ChinaSoft prospers on growth of cloud computing in China
Microsoft distributor plays down benefit from Beijing's scrutiny of foreign players
Although Microsoft Corp is among US technology firms caught up in Chinese security worries and antitrust probes, a local software company in which the Seattle giant is a strategic investor is riding high on the growth of cloud computing.
Chen Yuhong, the chief executive of ChinaSoft International, says its success owes more to Chinese firms' readiness to latch on to global trends like the cloud than from Beijing policies that have cut into orders from state enterprises for goods made by foreign players. Microsoft owns 5 per cent of ChinaSoft.
A leading Microsoft distributor in China, selling information technology systems and outsourcing services, ChinaSoft saw first-half profit jump 43 per cent to 115 million yuan (HK$145.4 million).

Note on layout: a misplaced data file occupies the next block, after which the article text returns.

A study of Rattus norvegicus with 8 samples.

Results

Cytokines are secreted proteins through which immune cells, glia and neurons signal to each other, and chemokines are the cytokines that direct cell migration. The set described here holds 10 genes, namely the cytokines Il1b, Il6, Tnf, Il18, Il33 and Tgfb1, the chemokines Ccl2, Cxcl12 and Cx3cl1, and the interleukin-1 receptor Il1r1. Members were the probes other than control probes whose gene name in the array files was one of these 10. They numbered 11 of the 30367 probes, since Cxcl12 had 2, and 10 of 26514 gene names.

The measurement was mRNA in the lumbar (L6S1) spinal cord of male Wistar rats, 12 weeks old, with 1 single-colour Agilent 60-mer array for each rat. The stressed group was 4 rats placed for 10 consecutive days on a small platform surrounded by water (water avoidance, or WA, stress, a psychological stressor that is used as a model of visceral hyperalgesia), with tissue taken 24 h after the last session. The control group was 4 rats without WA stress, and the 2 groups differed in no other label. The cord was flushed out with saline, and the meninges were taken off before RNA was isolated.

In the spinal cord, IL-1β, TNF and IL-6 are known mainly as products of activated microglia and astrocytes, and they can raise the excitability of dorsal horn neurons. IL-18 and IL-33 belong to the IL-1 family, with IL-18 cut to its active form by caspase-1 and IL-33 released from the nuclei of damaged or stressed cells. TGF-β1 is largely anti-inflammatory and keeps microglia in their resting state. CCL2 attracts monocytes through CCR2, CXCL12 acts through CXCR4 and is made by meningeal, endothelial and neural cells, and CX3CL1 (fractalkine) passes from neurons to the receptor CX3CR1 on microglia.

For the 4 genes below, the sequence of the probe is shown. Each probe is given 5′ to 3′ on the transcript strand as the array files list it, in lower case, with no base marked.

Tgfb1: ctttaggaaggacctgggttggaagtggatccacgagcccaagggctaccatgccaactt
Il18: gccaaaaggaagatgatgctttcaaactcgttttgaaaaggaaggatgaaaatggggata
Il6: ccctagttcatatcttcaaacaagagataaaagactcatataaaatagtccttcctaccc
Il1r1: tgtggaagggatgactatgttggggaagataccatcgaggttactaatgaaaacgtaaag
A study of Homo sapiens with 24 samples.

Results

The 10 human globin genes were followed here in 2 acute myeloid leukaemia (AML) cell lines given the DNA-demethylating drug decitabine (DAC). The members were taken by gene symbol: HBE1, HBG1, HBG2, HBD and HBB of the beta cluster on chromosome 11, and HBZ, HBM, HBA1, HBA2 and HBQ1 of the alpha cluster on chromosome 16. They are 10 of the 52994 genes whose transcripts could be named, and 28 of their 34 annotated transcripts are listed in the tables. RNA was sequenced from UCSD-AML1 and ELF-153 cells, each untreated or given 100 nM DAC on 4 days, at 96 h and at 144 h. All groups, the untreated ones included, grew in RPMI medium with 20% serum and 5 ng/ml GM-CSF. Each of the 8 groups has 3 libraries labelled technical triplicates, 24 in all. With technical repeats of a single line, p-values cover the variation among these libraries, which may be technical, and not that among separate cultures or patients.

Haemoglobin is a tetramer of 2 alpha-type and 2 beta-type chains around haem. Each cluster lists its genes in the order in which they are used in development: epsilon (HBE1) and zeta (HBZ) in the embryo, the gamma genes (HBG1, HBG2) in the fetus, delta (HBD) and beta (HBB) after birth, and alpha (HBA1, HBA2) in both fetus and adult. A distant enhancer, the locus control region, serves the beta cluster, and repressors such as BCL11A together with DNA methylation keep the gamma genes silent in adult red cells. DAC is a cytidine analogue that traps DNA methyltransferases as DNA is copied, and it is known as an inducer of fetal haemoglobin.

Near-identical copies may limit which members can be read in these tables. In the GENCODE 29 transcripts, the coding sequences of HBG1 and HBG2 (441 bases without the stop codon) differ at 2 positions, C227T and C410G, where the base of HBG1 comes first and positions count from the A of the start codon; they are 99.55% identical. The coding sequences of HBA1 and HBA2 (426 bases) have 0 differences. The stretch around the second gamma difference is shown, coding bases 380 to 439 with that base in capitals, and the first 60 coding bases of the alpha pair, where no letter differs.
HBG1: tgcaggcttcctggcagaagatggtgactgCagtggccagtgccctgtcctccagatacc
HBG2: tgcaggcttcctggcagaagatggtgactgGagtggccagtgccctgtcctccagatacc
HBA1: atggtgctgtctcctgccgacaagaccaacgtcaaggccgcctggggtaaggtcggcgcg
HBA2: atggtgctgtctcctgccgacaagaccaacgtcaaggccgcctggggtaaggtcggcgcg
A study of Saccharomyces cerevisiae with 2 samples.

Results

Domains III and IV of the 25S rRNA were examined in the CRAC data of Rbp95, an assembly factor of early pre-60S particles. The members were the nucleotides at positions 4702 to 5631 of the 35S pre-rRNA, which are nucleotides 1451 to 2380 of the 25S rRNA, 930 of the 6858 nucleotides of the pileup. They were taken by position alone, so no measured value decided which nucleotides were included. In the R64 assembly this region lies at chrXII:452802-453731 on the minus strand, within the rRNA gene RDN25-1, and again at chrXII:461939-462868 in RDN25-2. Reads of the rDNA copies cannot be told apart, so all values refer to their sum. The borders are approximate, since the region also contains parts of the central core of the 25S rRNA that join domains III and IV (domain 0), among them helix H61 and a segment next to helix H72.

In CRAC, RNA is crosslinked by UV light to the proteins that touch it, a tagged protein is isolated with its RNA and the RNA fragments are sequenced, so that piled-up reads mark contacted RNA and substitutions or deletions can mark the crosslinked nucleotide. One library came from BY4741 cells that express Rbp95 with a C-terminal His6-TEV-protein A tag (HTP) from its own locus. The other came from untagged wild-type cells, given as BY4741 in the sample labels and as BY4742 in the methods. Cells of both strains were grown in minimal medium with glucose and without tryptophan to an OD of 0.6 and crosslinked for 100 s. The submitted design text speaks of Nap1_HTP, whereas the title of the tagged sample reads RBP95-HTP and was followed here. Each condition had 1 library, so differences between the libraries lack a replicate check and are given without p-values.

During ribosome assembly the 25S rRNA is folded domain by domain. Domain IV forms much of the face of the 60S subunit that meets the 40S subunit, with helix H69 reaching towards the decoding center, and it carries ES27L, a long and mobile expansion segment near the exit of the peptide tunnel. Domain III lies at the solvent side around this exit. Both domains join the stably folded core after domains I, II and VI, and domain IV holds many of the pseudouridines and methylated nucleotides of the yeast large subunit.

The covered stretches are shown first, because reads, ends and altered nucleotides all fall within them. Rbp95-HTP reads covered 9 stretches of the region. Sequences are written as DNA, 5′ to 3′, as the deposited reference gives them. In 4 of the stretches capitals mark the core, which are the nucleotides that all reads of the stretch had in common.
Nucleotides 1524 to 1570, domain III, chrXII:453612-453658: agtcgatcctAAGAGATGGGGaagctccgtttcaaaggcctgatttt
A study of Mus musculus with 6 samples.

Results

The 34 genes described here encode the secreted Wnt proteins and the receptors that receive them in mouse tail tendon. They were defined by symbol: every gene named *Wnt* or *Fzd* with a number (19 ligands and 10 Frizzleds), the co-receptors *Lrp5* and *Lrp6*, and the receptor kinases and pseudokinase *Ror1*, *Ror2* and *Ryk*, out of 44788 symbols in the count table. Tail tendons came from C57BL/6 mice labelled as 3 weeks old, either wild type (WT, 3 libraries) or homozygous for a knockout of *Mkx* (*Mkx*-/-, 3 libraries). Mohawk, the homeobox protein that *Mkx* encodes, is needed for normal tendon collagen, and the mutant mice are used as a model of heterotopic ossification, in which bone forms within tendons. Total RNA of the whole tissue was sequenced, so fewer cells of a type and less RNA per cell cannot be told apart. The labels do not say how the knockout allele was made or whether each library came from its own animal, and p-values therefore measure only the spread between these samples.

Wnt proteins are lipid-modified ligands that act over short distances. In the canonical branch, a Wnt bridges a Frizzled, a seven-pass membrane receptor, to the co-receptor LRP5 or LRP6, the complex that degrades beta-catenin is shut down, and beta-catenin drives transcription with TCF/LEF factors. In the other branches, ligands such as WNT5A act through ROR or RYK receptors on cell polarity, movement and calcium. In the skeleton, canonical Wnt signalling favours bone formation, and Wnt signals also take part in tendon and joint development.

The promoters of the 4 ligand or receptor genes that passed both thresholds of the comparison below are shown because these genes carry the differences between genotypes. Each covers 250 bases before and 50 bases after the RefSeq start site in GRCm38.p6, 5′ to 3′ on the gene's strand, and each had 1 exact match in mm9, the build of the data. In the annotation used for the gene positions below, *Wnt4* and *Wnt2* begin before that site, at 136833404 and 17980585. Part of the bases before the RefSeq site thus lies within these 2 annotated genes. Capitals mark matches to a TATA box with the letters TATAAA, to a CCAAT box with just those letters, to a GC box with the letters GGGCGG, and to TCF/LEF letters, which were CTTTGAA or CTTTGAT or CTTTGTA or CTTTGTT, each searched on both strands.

Founded as an US$81,000 start-up spun out of a government firm, the Hong Kong-listed company is now worth more than US$600 million.
"The biggest change has been the arrival of the cloud and the impact of cloud computing," Chen said.
China's spending on cloud services rocketed to 80.4 billion yuan in 2013, according to the China Software Testing Centre, and the market is expected to grow more than 60 per cent over the next three years.
The challenge for foreign technology firms "hasn't been China" per se, Chen said, referring to a perception that Beijing is unique in supporting Chinese technology companies and cloud services providers.
"All countries want [to secure] their most vital sectors with their own systems," said Chen, whose 15 per cent stake in the Beijing-based company is worth almost US$100 million.
Foreign companies, particularly US technology firms, have come under increasing scrutiny in China as Beijing pushes hard on information security. Firms from Microsoft to IBM have seen China sales slip as state-run firms take their business elsewhere.
ChinaSoft counts state-owned firms like China Mobile Communications Corp, State Grid Corp and China UnionPay as clients. E-commerce giant Alibaba Group Holding is a strategic partner. About 50 per cent of its revenue is tied to state firms and the government.
The company has set its sights on more than doubling its overall revenue to 10 billion yuan by next year.